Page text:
Bay of Bengal: Deadly Cyclone Hits Myanmar and Bangladesh

A powerful cyclone named “Mocha” has hit the coastlines of Bangladesh and Myanmar after intensifying into the equivalent of a category-five storm.

Published 1 year ago

Catastrophic Cyclone Mocha (pronounced “Mokha”) made landfall in Myanmar on Sunday, May 14, about 10 miles northwest of the regional capital of Sittwe. The storm crashed through houses and cut power lines in Rakhine state. Myanmar’s meteorological department said it pounded through the country at about 209km/h (130 mph).

Eight hours prior to landfall the Joint Typhoon Warning Center (JTWC) rated Mocha a Category 5 storm with 175 mph winds. This ties Mocha with Cyclone Fani of May 2019 as the strongest tropical cyclone ever recorded in the North Indian Ocean.

The India Meteorological Department (IMD), the official agency responsible for issuing tropical cyclone forecasts in the Indian Ocean, rated Mocha an “extremely severe cyclonic storm” with peak winds of 130 mph (three-minute average) and a central pressure of 938 mb.

This is equivalent to a category 4 hurricane.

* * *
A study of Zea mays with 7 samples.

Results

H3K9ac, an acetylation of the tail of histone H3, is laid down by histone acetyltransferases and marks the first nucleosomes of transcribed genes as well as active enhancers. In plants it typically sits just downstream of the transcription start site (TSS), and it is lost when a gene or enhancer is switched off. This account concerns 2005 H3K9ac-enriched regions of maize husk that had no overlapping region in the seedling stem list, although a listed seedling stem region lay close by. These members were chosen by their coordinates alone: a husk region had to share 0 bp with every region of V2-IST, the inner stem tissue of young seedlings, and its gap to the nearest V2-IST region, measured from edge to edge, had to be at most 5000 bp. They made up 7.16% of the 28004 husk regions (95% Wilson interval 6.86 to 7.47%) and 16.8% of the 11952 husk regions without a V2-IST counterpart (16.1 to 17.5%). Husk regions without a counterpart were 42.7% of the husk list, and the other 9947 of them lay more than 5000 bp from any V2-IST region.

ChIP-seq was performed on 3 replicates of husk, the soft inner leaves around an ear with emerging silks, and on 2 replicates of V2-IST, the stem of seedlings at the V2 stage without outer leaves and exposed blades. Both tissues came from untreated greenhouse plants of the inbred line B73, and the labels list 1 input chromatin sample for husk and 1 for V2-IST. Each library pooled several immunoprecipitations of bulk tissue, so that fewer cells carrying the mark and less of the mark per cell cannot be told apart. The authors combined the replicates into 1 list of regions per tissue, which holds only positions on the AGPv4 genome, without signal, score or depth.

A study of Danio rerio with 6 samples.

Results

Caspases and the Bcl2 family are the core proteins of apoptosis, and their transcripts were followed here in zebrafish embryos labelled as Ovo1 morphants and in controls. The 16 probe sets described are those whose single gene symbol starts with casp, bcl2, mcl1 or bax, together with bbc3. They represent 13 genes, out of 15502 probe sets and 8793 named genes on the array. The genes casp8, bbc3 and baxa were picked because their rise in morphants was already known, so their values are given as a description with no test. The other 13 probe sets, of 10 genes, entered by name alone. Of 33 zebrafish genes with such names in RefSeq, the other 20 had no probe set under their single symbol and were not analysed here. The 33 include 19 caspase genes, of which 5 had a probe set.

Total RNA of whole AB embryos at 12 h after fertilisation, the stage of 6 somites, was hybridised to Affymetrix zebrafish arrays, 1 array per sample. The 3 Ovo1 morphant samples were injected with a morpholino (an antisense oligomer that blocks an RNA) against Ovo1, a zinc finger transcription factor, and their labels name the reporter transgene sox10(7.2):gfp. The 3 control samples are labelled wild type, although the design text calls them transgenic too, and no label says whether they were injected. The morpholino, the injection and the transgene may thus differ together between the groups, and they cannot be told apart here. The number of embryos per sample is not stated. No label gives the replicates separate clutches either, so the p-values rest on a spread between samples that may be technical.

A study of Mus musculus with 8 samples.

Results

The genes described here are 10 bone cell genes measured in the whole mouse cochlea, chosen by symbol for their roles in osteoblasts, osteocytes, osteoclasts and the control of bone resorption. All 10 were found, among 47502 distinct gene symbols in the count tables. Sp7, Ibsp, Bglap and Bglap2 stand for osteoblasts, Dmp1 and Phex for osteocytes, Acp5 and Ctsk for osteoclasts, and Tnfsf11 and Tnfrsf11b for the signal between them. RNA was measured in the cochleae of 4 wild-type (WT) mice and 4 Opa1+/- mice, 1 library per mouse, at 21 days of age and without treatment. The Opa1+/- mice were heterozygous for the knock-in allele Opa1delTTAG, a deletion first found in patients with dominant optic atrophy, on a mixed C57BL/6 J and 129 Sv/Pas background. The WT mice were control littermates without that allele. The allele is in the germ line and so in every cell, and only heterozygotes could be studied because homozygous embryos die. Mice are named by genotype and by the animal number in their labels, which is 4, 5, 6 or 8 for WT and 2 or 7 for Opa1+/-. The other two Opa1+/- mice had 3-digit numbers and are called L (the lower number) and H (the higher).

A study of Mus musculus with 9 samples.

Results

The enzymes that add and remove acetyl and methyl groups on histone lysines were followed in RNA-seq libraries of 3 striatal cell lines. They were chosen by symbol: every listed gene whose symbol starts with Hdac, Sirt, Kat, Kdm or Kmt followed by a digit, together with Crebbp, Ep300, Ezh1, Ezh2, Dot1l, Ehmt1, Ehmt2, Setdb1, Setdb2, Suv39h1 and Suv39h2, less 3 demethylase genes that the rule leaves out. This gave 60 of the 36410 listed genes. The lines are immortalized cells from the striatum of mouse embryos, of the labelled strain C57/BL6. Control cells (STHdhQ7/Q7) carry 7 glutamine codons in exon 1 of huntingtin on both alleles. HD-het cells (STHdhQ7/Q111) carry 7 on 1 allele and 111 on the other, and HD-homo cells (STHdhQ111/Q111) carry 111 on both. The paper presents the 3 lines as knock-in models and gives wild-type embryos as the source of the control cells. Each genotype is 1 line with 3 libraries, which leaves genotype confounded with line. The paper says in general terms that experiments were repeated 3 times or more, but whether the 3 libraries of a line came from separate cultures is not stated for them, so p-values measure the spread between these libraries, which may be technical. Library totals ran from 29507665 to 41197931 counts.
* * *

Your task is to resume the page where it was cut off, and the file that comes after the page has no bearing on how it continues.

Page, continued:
Image of Cyclone Mocha from NASA Earth Observatory.

According to IMD, Mocha achieved a slightly higher intensity at 21 UTC May 13, with 140 mph winds (3-minute average) and a central pressure of 931 m.

Cooler waters, interaction with land, dry air, and higher wind shear, caused Mocha to weaken notably several hours before landfall and the JTWC rated it a category 4 storm with 155 mph winds at 6 UTC May 14, two hours before landfall.

This makes Mocha tied as the second-strongest cyclone at landfall in the North Indian Ocean in the JTWC database. The only stronger landfalling storm in their records—and the only Cat 5 landfall—was the 1999 Odisha Cyclone of October 1999, whose catastrophic hit on India killed 9,843 people.

News reports suggest the storm caused widespread damage in Sittwe, the state capital of Rakhine, with local news sources reporting flooded streets, downed trees and power lines, and roofs torn from homes.

The evacuation of hundreds of thousands of people from vulnerable areas in both Bangladesh and Myanmar in advance of the storm may have helped limit casualties, according to some news reports. The worst of the storm surge also missed low-lying refugee camps in Cox’s Bazar that many observers feared were vulnerable.